Bolivia has the greatest percentage of indigenous inhabitants among the countries of South America. About 60 per cent of the people are of true Indian ancestry, and mestizos (people of mixed white and Indian origin) make up about 30 per cent of the population. As a result, it has a unique culture, mixing Spanish influences with its native Amerindian beliefs, practices and music.
Mosoj Ñan, a Quechua word meaning New Path, is the name of a Folklore group from Potosí; they are well known, have recorded widely and perform “Potocchi”, dancing and singing during “peña” performances for locals and tourists.
Pujllay is a Quechua word, meaning “to play or dance” and can be interpreted as “happiness”. It is the name of a festival taking place every year on the third Sunday in March in Tarabuco, about 65 kilometres east of Sucre in Chuquisaca. It is the centre of the “Yampara” culture with its bright and colourful costumes. During the Pujllay ceremony, a large wooden tower (the “pukara”) is erected, covered and surrounded to its top with bread, fruit, a baked sweet called “rosquetes”, and agricultural products. It is the end of the rainy season, harvest time: it is an offering to “Pachamama”, Mother Earth, and its fertility.
The Pujllay also commemorates a battle that was won over the Spaniards. The dancers in their colourful costumes wear the “Montero”, a headdress resembling helmets used by the Spanish conquistadors and “gallu-gallu”, jangling spurs; they do a stamping dance around musicians with large flutes, pan-flutes and drums. There are also groups without those colourful costumes, performing what looks like a Spanish-inspired dance with rapid foot-tapping, accompanied by guitar playing and singing. Groups from the various villages present themselves in the town centre and then march off to the ceremonial ground where they will dance around the pukara for hours. The fruit and other foods are shared among everyone.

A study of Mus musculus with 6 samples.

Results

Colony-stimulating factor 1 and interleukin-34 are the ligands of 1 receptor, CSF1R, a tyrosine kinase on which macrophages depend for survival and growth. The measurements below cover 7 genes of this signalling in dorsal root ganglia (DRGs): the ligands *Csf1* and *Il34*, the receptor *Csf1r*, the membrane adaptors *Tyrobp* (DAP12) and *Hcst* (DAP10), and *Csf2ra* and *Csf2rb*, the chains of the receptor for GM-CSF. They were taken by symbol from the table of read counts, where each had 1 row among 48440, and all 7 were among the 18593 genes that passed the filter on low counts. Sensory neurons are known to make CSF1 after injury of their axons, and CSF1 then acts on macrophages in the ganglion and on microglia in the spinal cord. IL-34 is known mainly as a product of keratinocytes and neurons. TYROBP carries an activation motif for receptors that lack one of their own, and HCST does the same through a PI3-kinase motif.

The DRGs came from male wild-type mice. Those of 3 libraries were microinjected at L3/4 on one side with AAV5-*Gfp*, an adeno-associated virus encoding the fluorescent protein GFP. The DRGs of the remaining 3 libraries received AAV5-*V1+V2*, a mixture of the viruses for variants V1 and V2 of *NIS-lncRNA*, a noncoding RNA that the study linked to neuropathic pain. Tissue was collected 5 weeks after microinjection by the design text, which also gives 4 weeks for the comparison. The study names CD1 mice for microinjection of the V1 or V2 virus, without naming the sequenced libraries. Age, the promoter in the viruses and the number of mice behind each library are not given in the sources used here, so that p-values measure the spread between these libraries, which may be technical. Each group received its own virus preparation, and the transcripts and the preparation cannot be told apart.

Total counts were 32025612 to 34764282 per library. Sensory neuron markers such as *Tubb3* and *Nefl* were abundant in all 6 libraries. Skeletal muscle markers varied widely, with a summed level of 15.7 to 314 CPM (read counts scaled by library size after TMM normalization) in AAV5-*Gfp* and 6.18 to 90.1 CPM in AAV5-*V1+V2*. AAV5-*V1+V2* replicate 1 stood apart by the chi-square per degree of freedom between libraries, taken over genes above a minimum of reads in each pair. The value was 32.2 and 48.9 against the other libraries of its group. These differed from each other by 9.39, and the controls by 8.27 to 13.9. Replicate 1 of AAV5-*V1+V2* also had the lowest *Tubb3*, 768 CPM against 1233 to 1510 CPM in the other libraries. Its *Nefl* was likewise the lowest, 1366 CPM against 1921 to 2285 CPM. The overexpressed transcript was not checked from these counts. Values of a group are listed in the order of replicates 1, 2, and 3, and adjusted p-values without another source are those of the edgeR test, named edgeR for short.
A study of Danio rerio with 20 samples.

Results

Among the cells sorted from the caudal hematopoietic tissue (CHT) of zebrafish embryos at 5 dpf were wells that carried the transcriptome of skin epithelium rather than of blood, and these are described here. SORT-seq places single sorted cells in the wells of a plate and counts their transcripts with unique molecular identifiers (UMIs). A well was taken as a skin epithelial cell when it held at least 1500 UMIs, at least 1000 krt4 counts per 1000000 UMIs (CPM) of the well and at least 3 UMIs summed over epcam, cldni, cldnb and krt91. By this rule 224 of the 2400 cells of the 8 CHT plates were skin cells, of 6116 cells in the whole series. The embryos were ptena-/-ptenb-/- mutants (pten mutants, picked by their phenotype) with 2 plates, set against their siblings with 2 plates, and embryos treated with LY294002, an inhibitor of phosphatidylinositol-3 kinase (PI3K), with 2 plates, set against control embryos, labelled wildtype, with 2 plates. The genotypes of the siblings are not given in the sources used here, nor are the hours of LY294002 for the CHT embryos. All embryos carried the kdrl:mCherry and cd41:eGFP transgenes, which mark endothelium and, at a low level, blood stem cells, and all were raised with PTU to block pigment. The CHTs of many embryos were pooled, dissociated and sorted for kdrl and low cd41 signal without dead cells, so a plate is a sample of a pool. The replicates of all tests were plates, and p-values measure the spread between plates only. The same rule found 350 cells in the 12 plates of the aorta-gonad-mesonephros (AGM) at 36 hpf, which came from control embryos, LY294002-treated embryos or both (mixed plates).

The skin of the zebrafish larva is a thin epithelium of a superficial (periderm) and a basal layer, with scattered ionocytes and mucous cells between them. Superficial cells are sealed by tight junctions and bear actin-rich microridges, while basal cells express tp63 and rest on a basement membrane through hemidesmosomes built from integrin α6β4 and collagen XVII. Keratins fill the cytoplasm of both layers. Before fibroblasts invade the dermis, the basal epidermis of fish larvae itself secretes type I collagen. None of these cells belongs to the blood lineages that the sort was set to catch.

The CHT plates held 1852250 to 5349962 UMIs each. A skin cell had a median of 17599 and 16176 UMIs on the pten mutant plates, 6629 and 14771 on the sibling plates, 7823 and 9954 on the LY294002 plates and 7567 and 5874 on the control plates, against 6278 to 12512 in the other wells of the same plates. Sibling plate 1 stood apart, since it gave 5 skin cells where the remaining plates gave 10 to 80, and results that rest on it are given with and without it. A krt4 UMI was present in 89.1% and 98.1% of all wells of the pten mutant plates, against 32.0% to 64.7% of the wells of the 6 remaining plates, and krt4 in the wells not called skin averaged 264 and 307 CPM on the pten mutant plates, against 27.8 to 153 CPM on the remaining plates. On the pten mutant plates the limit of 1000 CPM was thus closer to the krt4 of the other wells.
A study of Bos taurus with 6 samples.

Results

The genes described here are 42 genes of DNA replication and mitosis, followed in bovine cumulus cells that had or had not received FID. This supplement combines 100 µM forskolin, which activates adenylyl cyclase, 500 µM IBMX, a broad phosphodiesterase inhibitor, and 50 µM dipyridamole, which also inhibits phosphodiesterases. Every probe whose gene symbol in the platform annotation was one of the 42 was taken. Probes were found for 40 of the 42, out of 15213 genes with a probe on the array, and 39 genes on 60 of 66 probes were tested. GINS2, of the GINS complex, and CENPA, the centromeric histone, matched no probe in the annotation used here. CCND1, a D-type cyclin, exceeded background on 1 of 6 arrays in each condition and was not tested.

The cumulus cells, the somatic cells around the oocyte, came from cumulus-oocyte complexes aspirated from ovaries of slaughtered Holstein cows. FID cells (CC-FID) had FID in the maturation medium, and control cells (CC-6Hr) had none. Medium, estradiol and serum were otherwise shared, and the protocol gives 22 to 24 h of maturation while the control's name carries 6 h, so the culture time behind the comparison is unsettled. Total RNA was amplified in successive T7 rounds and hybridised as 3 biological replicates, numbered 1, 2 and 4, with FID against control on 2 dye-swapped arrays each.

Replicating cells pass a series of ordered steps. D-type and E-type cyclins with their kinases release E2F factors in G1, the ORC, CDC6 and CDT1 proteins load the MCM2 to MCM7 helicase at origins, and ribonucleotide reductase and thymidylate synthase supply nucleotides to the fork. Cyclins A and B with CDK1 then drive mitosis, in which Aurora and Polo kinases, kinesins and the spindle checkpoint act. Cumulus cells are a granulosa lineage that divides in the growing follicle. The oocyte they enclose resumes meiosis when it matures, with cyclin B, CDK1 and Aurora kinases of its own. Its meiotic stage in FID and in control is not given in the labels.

A great trip is from the town of Uyuni across the Salar de Uyuni, the world’s largest salt flat at an altitude of 3,650 metres, with its Hotel Luna Salada, built entirely out of salt blocks, inside and out. Then on to the village of San Juan and the high Altiplano, at the height of over 4,000 metres, a flat region of spectacular, surreal and treeless landscapes, hills and high volcanoes, like Mt Ollagüe with an elevation of 5,868 metres; stunning lakes further on, Laguna Cañape and Laguna Colorada, a salt lake at 4,278 metres, with flamingoes inhabiting its shores. Around 50 kilometres further south is the geothermal area of Sol de Mañana at an elevation of approximately 4,800 metres, with its bubbling mud pools, geysers and fumaroles. The journey continues to Laguna Verde and ends at the village of Alota.